A study published in Nature Communications presents the promising results of RecombinHunt, a new data-driven method developed by the Department of Electronics, Information and Bioengineering of the Politecnico di Milano and the University of Milan, which can identify, with high accuracy and computational efficiency, recombinant SARS-CoV-2 genomes with one or two breakpoints.


Recombination, that is, the composition of two or more viral genomes to form a new genome, is an efficient molecular mechanism for virus evolution and adaptation.

Exploiting the incentive of the COVID-19 pandemic, several methods have been proposed to detect recombinant genomes of SARS-CoV-2 virus; however, so far, none has been able to faithfully confirm the manual analyses of experts in the field.

ReconbinHunt shows high specificity and sensitivity, is more effective than all other methods already developed and faithfully confirms manual expert analyses.

Monkeypox epidemic

The method, developed under the PRIN PNRR 2022, SENSIBLE project (Small-data Early warNing System for viral pathogens In puBLic hEalth), also identifies recombinant viral genomes from the recent monkeypox epidemic with high concordance with analyses manually curated by experts, suggesting that the approach is robust and can be applied to any epidemic or pandemic virus, representing an important tool to combat future pandemics.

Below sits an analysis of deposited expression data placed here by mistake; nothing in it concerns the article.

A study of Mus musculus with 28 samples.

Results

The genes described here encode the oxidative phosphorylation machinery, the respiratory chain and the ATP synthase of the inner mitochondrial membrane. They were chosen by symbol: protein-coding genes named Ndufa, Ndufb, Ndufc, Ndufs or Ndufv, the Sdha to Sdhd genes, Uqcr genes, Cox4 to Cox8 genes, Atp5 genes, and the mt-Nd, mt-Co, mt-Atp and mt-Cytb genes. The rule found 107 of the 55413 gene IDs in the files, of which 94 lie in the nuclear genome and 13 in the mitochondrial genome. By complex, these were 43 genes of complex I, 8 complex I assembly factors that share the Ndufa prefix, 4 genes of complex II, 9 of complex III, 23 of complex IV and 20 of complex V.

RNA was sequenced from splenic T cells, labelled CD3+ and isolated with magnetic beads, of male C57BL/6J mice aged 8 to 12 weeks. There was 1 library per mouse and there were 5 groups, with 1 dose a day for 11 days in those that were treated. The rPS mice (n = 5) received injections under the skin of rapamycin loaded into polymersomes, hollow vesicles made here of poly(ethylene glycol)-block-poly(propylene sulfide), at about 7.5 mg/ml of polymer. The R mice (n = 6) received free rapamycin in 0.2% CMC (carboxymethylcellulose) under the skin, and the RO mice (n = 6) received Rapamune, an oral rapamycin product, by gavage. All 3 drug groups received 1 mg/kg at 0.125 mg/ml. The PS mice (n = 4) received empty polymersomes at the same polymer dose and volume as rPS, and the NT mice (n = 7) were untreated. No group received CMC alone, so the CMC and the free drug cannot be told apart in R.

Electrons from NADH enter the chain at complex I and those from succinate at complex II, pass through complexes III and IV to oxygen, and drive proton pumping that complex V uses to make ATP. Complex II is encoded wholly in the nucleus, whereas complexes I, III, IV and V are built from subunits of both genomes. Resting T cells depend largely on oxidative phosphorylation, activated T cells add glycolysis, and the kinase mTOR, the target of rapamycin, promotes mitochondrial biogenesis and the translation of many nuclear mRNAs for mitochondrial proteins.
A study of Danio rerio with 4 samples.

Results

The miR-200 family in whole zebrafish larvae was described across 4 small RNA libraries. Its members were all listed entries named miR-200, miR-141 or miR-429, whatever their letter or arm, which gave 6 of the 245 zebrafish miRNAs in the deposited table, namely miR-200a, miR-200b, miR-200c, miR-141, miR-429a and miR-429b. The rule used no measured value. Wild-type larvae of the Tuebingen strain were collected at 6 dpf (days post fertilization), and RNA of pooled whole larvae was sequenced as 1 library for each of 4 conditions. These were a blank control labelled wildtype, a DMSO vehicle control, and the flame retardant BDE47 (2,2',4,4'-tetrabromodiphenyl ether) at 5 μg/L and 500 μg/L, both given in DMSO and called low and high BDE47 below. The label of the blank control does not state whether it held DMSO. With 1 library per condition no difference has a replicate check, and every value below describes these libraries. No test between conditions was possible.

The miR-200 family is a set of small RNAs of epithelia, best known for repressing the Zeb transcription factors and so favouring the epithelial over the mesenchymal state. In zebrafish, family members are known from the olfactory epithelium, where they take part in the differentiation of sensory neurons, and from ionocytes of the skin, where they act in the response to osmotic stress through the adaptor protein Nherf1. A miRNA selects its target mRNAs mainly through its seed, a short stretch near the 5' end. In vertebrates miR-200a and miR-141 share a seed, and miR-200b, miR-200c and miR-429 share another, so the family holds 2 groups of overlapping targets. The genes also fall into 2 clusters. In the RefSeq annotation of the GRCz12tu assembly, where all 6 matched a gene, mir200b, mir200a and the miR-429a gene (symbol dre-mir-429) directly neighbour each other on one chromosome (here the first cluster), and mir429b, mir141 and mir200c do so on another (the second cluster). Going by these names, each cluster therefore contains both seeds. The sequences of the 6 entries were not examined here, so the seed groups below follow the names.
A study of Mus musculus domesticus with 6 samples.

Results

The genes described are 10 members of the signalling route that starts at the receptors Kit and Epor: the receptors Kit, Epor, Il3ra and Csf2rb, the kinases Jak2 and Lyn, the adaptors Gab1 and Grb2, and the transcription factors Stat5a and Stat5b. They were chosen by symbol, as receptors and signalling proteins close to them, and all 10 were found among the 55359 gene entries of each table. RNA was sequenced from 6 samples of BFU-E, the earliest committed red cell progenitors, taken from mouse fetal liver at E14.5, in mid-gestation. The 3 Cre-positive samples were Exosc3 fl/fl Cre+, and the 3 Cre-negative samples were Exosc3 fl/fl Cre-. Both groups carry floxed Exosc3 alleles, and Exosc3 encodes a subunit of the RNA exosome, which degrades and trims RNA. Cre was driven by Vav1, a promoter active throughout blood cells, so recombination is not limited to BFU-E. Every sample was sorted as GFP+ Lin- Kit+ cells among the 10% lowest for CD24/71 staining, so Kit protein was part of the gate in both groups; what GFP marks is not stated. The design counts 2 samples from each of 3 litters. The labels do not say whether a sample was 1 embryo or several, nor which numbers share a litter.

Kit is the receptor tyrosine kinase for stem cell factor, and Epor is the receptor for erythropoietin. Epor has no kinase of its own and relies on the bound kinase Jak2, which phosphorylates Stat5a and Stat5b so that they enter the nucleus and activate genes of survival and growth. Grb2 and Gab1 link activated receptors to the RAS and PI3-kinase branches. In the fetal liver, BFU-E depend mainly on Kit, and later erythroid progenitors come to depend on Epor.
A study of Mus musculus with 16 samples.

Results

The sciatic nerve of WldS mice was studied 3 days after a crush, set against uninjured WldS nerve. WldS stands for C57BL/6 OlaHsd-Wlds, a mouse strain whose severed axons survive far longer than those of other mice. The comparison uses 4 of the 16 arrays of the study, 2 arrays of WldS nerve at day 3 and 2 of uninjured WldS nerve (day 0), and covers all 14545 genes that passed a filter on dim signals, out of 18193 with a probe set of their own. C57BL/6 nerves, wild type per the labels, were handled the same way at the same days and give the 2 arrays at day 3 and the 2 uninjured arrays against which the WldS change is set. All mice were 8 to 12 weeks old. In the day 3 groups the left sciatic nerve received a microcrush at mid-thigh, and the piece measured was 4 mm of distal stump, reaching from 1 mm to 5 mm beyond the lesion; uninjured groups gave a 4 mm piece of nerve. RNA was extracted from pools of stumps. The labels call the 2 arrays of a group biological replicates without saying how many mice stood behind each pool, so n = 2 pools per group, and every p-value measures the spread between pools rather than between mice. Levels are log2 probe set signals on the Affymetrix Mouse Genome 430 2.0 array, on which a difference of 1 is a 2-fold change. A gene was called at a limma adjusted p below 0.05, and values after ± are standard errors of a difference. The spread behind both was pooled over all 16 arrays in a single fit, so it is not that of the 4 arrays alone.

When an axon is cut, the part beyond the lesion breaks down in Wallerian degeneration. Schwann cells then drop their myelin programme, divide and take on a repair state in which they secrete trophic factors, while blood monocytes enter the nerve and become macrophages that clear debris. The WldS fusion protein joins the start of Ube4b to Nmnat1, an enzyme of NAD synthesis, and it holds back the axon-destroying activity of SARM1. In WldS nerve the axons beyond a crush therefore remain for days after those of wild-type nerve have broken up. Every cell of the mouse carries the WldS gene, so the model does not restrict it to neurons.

Prof. Stefano Ceri notes that “the research was possible thanks to the extraordinary contribution of laboratories from all over the world, which made more than 15 million viral sequences available to the international community.” Dr. Anna Bernasconi, SENSIBLE project leader, notes: “Our goal is to build warning tools to anticipate and combat new viral epidemics and pandemics.”

“The study demonstrates how the development of innovative and efficient computational methods allows us to more accurately and rigorously appreciate the evolution of pathogens, and any implications for human health,” adds Prof. Matteo Chiara, professor of Molecular Biology at the University of Milan and co-leader of the SENSIBLE project.

A main contribution to the study was given by Dr. Tommaso Alfonsi, who recently earned a doctorate “cum laude” in Information Engineering, presenting this and other timely research.